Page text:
Sitting down for lunch at Denver vegan restaurant City O’ City, Casey Veggies smiles unexpectedly, even as he gives suspect glances toward his food. While talking, staff delivered an array of seitan wings, margarita pizza (Veggies: “I’ve never had pizza without any pizza sauce on it before,”) pasta (no olives) and vegan macaroni and cheese (which involved a question and answer session with the iPhone assistant, Siri about taleggio cheese). Veggies, one of the founding members of hip-hop collective Odd Future Wolf Gang Kill Them All, has quite a bit going on these days, including a clothing line, a solo career and a show at the Gothic Theatre on Wednesday.
And for the underground rapper, he wouldn’t have been anywhere if it wasn’t for Kanye West. Veggies first started writing rhymes when he was 12 years old and inspired by West’s “College Dropout.”
“I loved Kanye growing up because I was so young. I hadn’t heard anything explained in the way he was using his words,” Veggies said. “When I write to music, it’s the beat that builds my inspiration the most. When I started with Odd Future, we were all working on such different styles of music but the interests were similar.”
As other members of the Odd Future collective, it’s impossible to just be a musician. Tyler the Creator and Frank Ocean both have a number of business endeavors on top of music careers. So, along with releasing his most recent mixtape, “Life Changes,” the 19-year-old Veggies has launched his own clothing line Peas and Carrots International. And to Veggies, making clothes is not much different from hip-hop.
“It’s a positive and natural thing that the homies came up with to get our thoughts across. It’s something a lot of kids can get behind,” Veggies said. “Street ware and hip-hop go hand in hand. It’s an easy growth process. It started with one design, and now we have our own store. It’s similar to making an album. It all starts with an idea.”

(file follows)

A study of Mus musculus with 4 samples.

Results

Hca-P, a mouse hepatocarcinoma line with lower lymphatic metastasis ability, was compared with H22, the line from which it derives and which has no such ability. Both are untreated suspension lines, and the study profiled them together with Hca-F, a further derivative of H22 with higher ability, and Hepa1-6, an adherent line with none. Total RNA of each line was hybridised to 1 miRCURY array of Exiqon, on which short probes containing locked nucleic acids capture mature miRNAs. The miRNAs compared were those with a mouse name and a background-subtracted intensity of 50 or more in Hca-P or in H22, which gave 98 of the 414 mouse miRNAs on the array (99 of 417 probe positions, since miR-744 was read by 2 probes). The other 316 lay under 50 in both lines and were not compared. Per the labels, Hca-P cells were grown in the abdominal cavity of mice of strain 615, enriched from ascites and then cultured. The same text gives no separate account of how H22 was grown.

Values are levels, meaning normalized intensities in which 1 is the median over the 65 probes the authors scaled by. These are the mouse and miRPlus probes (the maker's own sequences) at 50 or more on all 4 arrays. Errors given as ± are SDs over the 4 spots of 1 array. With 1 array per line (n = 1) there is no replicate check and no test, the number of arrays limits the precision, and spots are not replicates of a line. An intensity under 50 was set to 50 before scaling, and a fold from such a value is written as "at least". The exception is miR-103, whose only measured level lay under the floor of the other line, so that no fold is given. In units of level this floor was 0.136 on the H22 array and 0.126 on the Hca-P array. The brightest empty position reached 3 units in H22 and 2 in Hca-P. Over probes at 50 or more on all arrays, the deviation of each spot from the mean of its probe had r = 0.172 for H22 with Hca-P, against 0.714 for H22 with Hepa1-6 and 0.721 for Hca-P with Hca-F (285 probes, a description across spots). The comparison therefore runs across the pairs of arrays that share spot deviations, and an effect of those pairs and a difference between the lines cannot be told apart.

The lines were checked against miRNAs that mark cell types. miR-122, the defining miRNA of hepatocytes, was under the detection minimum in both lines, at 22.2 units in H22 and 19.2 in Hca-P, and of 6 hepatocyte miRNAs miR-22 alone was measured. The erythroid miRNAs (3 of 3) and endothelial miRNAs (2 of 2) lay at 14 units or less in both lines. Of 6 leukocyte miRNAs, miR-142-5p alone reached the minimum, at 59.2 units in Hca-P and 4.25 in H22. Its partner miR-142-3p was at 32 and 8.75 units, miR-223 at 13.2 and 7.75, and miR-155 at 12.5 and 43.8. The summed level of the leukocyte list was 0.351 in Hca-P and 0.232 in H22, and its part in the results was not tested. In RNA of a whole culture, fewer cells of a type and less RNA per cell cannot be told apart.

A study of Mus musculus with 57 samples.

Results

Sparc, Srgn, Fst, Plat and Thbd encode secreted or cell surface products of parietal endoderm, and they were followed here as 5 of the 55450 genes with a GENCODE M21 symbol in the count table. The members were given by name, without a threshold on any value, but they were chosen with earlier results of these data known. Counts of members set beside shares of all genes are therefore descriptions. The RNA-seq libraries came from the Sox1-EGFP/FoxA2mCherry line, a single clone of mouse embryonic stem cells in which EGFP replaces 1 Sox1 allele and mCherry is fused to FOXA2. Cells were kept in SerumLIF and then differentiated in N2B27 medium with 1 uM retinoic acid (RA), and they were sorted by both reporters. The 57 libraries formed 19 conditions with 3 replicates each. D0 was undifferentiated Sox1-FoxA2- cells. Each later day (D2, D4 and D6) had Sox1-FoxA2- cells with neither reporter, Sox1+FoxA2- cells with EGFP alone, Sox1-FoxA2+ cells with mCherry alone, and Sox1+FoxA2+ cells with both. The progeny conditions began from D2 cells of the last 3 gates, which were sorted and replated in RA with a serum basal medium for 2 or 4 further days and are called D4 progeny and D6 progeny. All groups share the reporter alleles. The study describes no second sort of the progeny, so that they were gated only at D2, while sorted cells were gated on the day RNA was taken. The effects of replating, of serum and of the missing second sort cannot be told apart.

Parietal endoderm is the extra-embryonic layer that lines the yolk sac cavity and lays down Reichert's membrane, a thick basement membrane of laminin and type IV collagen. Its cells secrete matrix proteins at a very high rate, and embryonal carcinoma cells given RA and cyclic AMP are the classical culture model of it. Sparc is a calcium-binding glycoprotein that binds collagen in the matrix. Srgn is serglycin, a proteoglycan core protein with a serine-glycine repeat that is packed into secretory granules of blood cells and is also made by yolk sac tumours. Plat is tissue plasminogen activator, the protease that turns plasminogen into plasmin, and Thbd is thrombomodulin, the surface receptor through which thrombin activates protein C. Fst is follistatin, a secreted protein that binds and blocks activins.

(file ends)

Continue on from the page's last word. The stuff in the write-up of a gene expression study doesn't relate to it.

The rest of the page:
This idea has turned into a thriving clothing store in Los Angeles, where Veggies said he can express himself through streetware as he does through his music.
“We stand behind the clothing aspects as much as we do the music. I wear our clothing on stage because it’s actually dope and it matches what we think,” Veggies said. “It’s the same thing with the music. When I put out ‘Customized Greatly,’ (Veggies’ mixtape series) I just wanted to give my personality a chance to grow organically.”
But, when it comes to the release of his full-length debut, he’s less open about it than he is his clothing.
“I’m working on music right now and have a deal I’m looking at. When I’m making music, I just let the beat pull the lines out of me,” Veggies said. “I feel like as I grow, people expect more polished ideas out of me and more organized noise. Now that it can be seen what I can do, I’m adapting to the situation. “
Veggies said he is planning to release music on his own terms, and with his best ideas intact.
“It’s a lot more work that I need to do before people are ready to receive my music in the highest form. I listen to music that captures my ear, just like I build brands that are automatically different from everything out there. That’s why it’s most important to take my time and put the work into build something I’m completely proud of.”
Ru Johnson is an arts and culture music writer living in Denver. You can follow her on Twitter here.